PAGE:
Note to Self


Some days things really don't work. Yesterday was one of those days.

I have been away. I spent a week down south, and it’s been almost two weeks since I’ve last seen Mum.

I missed her and as soon as I arrived I could tell that she’d missed me too.

I breezed in just after lunch, which is Mum’s best time. She looked great sitting in the sunroom reading the paper in a mauve blouse, matching scarf and lipstick too. She was so pleased to see me!

The less said about this visit the better.

To cut a long story short, first I tried to combine the drive home with a trip to the supermarket. This took three times longer than expected. Mum opted to wait in the car, which soon became unbearably hot. Unable to operate the electric windows or keep the door propped open, she spent 10 minutes walking up and down the street looking for me.

We both cooled off and drove to my house. We drank tea and then got talking about my father’s relatives. I decided what we really needed was a picture, so I hopped on the computer. I then attempted to explain a multilayered diagram representing a five-generational family tree. “It’s a lot more complicated than people think,” said Mum. Exactly.

At that point I realized I was running late for going out. I explained the problem to Mum, who promptly forgot. I then then rushed to and fro, organizing someone else to take her back to the rest home, hunting for a lost present, texting last minute arrangements and finding something to wear. Then I said goodbye to Mum and went downstairs.

As Mum was leaving, I was yelling instructions to various people up the stairs whilst also trying to zip up my dress.

“I haven’t said goodbye,” said Mum. So I explained again. We were both getting more and more stressed.

“The problem,” said Mum, who by this stage was wobbly and slightly teary, “is that I’m not completely au fait with what you're doing.”

In fact, the problem was me.

I’ve been thinking all day about what went wrong. Here is my list.

  1. I was multitasking. Doing other things while caring for Mum means I make a bad job of all these tasks. Plus it is stressful and frustrating.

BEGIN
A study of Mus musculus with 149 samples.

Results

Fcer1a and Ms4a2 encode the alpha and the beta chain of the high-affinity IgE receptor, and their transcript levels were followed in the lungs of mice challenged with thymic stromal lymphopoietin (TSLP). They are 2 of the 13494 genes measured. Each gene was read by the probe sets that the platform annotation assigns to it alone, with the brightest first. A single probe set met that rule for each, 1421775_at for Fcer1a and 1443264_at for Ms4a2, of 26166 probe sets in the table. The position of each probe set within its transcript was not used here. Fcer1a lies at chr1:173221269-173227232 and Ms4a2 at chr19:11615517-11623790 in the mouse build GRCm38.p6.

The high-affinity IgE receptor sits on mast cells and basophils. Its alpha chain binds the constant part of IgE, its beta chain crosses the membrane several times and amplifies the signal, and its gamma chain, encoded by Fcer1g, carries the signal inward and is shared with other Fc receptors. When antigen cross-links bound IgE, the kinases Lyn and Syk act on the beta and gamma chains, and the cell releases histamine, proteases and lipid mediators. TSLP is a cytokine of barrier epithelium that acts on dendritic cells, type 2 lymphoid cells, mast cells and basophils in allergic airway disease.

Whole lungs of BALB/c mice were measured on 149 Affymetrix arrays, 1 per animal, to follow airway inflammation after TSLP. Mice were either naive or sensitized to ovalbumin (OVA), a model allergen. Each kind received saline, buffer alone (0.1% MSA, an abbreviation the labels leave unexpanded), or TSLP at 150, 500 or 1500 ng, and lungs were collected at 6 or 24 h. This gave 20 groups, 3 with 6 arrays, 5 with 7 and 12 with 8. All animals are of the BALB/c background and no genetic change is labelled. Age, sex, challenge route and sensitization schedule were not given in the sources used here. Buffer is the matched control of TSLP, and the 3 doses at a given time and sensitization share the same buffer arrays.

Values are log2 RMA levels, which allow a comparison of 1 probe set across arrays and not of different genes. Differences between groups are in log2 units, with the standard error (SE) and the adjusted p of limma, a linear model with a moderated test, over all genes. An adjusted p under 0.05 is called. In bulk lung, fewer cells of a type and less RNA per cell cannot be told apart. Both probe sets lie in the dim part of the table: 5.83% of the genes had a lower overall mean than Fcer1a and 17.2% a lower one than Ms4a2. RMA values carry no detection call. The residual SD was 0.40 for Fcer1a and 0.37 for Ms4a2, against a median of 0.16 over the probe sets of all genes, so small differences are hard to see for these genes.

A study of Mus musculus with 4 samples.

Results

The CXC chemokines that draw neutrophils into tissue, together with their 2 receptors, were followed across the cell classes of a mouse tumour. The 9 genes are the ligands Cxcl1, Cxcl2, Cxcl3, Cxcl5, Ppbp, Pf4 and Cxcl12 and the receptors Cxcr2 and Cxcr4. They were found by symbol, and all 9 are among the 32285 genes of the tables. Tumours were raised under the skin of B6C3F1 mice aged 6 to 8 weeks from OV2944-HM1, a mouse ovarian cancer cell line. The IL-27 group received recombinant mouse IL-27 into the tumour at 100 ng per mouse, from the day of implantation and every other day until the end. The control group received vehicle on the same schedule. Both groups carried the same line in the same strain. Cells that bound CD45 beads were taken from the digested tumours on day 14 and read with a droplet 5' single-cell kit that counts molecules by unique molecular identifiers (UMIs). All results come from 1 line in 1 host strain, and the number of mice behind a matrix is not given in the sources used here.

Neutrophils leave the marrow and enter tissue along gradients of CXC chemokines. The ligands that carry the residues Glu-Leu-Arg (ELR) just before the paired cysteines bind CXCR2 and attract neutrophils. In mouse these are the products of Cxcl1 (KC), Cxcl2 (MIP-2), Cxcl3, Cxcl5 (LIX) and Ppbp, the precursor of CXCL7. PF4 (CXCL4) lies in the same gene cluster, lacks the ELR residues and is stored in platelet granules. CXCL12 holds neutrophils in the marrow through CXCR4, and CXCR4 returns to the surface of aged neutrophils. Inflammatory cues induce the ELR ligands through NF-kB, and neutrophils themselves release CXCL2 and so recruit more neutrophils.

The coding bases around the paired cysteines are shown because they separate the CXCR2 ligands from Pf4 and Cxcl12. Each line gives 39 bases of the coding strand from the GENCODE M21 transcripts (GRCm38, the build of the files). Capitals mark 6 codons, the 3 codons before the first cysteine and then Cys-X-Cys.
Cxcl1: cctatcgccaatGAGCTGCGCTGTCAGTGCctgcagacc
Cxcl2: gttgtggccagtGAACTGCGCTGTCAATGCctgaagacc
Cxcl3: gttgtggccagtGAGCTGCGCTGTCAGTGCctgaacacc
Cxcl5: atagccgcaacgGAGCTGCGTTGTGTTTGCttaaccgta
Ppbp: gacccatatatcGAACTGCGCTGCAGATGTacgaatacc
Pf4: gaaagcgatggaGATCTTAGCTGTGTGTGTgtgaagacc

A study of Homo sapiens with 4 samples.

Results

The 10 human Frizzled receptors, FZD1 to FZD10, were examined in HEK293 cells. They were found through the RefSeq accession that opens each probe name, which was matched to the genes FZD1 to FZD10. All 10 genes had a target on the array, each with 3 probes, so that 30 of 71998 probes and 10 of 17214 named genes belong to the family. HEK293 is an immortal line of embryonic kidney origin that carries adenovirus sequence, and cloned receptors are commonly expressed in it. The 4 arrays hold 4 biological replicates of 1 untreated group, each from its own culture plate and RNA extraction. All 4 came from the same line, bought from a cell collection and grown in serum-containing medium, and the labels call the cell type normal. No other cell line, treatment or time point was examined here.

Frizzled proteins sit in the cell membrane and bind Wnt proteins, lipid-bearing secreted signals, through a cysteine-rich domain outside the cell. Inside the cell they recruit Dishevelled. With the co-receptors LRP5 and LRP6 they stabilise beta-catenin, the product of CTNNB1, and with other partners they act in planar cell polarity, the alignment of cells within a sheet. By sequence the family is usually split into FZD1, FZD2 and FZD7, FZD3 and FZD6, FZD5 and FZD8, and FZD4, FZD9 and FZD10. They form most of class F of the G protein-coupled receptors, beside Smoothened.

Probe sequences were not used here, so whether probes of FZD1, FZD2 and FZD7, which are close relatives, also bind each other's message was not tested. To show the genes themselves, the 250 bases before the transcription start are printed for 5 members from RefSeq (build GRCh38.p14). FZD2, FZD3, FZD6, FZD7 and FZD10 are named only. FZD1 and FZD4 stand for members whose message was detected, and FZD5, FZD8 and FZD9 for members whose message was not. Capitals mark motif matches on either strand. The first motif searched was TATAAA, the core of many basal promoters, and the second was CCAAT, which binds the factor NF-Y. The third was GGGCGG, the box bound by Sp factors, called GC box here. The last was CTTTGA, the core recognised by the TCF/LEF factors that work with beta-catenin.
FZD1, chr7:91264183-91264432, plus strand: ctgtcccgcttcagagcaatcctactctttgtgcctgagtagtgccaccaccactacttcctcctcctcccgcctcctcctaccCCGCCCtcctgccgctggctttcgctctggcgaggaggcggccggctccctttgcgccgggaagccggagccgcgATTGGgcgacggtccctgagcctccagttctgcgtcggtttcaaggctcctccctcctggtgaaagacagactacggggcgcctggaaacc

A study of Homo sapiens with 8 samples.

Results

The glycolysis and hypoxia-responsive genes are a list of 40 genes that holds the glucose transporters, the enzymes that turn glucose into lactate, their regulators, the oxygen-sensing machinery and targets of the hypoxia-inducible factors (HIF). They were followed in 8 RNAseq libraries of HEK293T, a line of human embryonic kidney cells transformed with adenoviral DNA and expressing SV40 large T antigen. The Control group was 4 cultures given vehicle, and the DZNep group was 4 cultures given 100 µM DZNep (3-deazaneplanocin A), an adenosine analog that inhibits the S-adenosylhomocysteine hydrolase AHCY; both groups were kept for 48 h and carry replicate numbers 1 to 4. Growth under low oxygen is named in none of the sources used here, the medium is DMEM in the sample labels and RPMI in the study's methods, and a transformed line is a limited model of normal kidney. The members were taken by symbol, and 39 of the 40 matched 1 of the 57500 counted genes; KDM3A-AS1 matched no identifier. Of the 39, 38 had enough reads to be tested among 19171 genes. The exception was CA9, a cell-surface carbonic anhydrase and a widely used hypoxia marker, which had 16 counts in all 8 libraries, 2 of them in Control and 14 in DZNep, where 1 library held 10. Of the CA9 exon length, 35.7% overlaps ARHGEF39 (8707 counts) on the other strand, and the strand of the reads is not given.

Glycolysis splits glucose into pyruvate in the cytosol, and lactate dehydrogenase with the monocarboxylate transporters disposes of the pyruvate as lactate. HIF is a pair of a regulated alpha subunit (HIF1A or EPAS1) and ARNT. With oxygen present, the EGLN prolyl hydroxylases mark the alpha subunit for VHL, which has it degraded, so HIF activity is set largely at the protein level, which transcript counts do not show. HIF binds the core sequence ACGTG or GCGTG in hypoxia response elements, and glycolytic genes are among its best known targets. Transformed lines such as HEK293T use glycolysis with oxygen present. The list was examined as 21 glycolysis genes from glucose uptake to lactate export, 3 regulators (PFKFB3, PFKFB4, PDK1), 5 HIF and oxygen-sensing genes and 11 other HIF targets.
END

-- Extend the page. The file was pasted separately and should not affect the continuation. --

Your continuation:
2. I went too fast and things got busy and complicated, all due to a lack of planning.
  3. There were distractions and there was far too much noise. For people with dementia, communication is hard enough without competing sights, sounds and activities.

So, what is there to learn?

  • Plan ahead to free yourself up.
  • Enjoy the moment.
  • Concentrate on the task at hand and notice what helps.
  • Slow down to a pace that works for both of you.
  • Keep things as simple as possible.

Next time, I’ll be sure to take my own advice.

Sarah Jane is a freelance writer/researcher and part-time caregiver for her mother Eleanor* who has dementia and lives at a rest home nearby. Sarah and her mother spend Saturdays enjoying each other’s company, pottering about and having the occasional adventure. Sarah lives in New Zealand where she writes and speaks about dementia-related issues.

Saturdays with Mum


I tend to get OCD when it comes to logistical type issues, such as taking my parents to a doctor's appointment. I want to be there on time with little stress as possible. I learned quickly to tell my parents I would be picking them up at such & such time adding an extra 15 minutes. My late Mom was always ready, completely dressed plus jacket, scarf, and her purse all ready to go....

Then there was Dad who was searching for his wallet.... then struggling to get his jacket on... then deciding what baseball cap to wear.... oops, he needed his glasses... and the hardest part looking for his cane [not easy in a 3 story house]... one day it was out in the garage.... then I noticed Dad didn't have his shoes on.

Then I could hear them trying to buckle their seatbelts, click, click, click, click, and not getting them to work.... [sigh].... so here I am a senior citizen myself trying to climb into the back seat to buckle the belts.

Even with that added 15 minutes, I was a mess... so stressed as I didn't want to be late plus there is always paperwork to fill out, and filling out for 2 parents can be mind-blogging especially when one can't hear very well. Mom insisted on answering every question, so there I am talking LOUD asking Mom who was 97 "are you pregnant?".

Nine times out of 10, that doctor appointment was unnecessary :P
Great advice for everyone. It is too easy to lapse into our own mode of doing, rather than focusing on the person who should be the focus of our attention. Sometimes, I feel my goal is to make the world less confusing for them and the dirty dishes are not really that important.
Simple advice for all efficient caregivers –we all forget sometimes that simple, calm, relaxed and focused is the best gift we can give those with dementia (and ourselves at the same time)!